What Is an Affidavit?
Affidavits are one of the most widely used types of legal documents. But the purpose and requirements of these documents are not always as widely known. Before you sign an affidavit, it is important to understand what it is and the implications of signing.
What is an affidavit?
An affidavit is a written statement in which the signer or "affiant" verifies that the document is true. They differ from sworn oaths only in that the relevant parties must sign them instead of swearing them out loud. The person swearing to this written statement is called the affiant.
Representatives use these legally binding documents in various legal proceedings, such as bankruptcies, writing a will, and divorce proceedings. They are often more convenient than swearing an oath because they do not require the person attesting the information to be present. They are also a more accurate way to keep records of vital details for court cases and other proceedings.
What does an affidavit consist of?
Affidavits include a sworn statement made by the affiant and witnessed by a notary or officer of the law. This statement attests that the facts included in the affidavit are true to the best of the affiant's personal knowledge. Legal proceedings use these documents to verify evidence for inclusion in trials and other functions.
What are the requirements for an affidavit?
Because an affidavit is a sworn legal document, it must meet legal requirements such as:
Affiants must make the oath featured in their affidavit voluntarily. Their legal representation must prove that no one has pressured the affiant into signing. If a court discovers that the affiant signed unwillingly, they will likely consider the oath inadmissible as evidence.
An affidavit must be signed by the person making the statement to be considered legally binding. In many cases, the affiant must also sign the document in front of a witness. That witness is often the notary public, but they could be anyone willing to swear the signature is authentic.
Notarization is the most secure way for a court to authenticate an affidavit’s authenticity. Whether or not a notary public must notarize these documents varies by jurisdiction.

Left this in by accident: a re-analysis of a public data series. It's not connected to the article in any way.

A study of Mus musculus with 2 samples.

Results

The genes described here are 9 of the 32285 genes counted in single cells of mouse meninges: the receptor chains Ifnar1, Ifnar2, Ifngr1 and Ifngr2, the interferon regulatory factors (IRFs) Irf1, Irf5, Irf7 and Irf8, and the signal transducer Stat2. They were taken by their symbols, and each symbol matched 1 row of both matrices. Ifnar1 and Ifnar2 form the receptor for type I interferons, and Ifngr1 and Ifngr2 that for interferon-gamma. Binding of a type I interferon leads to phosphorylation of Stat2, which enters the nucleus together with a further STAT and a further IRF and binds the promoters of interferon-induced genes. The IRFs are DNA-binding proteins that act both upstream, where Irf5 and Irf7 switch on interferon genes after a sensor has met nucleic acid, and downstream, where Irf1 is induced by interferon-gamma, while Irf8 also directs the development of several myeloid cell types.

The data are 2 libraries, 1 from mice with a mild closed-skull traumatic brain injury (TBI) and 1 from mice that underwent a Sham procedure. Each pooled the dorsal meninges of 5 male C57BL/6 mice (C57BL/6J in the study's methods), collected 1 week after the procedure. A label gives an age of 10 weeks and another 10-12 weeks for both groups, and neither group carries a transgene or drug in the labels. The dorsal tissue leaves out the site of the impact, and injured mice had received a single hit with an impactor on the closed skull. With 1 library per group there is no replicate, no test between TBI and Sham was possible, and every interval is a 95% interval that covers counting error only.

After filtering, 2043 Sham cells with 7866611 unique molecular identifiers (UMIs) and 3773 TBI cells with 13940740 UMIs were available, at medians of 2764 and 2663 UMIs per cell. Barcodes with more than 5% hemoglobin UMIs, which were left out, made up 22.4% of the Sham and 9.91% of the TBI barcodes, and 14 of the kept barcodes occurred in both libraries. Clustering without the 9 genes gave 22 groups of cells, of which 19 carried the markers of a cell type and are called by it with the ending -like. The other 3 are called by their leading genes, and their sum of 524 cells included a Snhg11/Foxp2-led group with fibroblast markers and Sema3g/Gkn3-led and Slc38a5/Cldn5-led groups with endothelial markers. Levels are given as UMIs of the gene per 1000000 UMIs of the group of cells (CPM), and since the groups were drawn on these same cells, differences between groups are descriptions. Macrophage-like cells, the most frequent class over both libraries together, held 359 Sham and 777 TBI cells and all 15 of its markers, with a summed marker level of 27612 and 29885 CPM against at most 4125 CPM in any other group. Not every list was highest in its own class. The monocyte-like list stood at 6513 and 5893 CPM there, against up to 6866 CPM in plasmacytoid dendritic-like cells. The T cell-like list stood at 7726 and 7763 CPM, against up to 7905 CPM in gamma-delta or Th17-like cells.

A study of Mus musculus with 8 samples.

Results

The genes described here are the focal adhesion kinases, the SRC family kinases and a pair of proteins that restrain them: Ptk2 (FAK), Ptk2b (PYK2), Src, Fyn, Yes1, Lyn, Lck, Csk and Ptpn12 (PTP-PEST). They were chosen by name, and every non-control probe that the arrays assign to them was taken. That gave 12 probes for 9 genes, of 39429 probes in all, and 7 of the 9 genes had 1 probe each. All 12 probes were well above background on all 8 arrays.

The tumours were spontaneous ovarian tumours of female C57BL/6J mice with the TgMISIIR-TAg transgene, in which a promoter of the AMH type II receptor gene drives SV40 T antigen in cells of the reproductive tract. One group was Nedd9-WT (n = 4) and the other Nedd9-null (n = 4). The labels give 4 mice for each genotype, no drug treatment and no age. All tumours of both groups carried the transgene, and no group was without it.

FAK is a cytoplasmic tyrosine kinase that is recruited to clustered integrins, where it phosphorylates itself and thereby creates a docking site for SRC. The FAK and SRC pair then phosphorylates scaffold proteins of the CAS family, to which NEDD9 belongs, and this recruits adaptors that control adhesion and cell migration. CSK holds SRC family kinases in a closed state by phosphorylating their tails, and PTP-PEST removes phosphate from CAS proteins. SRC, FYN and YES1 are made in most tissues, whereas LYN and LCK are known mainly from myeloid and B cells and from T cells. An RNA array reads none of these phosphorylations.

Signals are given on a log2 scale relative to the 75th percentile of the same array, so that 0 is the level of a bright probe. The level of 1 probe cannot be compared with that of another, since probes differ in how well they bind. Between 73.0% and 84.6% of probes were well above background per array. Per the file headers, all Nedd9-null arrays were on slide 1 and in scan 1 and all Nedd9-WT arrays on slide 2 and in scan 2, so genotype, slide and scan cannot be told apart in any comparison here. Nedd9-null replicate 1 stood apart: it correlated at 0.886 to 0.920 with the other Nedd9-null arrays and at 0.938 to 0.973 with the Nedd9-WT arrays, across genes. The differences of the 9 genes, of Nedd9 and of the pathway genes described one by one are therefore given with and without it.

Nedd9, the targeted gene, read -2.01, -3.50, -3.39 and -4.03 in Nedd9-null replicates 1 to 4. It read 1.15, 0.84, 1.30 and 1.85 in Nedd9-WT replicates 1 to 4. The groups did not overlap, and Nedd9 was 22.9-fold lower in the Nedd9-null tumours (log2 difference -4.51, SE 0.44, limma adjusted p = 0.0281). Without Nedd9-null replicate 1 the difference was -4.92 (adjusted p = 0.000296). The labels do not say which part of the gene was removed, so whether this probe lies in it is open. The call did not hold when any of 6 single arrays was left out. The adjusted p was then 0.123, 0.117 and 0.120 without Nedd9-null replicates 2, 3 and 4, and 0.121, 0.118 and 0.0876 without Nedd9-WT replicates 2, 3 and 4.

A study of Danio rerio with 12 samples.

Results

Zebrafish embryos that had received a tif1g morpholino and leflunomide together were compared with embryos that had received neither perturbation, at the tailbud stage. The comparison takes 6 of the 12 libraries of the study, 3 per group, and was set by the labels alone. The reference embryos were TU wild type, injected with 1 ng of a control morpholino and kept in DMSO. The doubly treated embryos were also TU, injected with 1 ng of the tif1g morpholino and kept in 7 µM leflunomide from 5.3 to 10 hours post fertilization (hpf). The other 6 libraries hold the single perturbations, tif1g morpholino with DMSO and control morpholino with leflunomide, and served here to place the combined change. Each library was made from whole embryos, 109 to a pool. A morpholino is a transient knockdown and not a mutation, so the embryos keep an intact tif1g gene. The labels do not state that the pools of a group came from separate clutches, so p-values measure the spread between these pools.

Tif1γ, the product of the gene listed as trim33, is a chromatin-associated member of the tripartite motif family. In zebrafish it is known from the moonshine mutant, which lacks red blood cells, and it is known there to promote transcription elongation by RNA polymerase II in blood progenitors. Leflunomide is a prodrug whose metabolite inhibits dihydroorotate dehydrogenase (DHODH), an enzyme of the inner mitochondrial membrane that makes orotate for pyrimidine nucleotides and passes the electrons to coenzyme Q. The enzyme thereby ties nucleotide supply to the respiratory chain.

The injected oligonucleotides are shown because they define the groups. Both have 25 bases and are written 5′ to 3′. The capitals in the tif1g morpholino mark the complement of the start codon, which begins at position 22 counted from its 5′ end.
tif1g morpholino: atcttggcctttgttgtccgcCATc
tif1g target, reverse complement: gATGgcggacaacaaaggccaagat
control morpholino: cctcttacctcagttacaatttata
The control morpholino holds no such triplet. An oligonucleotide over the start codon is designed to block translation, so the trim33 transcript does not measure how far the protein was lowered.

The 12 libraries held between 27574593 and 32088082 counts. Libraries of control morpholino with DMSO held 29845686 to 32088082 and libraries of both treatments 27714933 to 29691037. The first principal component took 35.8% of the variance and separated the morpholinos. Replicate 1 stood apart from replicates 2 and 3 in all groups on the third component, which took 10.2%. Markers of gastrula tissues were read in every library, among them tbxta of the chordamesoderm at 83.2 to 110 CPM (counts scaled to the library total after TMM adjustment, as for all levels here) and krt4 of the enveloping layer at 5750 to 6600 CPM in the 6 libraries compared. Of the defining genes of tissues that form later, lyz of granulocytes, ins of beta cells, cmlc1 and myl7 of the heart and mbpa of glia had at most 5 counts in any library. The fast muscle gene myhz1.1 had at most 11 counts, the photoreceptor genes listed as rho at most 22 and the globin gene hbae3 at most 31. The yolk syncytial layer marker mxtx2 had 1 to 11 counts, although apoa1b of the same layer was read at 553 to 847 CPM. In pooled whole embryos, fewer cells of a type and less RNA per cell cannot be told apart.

Affiants can notarize their affidavits online through remote online notarization. This provides the highest level of security because of the digital “paper trail” this process creates.
Affiants need to learn what their jurisdiction and court require before submitting their documents. For example, affidavits that have been notarized online are not admissible in jurisdictions that do not permit the practice.
What is an affidavit used for?
These documents are among the most commonly used in legal proceedings. Here are a few common examples of cases where they may appear:
- Financial statements. In bankruptcy and divorce cases, courts may use financial affidavits to verify relevant financial information.
- Verification of residence. These documents are a common way for someone to verify their address in the absence of other proof.
- Verification of domicile. When a person dies, their executor can sign an affidavit confirming their final place of residence.
- Estate planning: Affidavits signed by the estate's owner must accompany estate planning documents such as wills.
- Marriage. Subjects can use these documents in place of a marriage certificate to verify a person’s marital status.
- Service. When legal representation files documents, they must submit an affidavit of service along with them. This confirms that the court officers served the documents to all relevant parties.
- Contract work. Contractors working on government projects submit these documents to verify that they've withheld the state taxes.
The law considers signing one of these documents equivalent to testifying under oath. This means knowingly including false information when signing one of these documents is an act of perjury. The penalty for perjury varies from state to state but could include fines, community service, or jail time.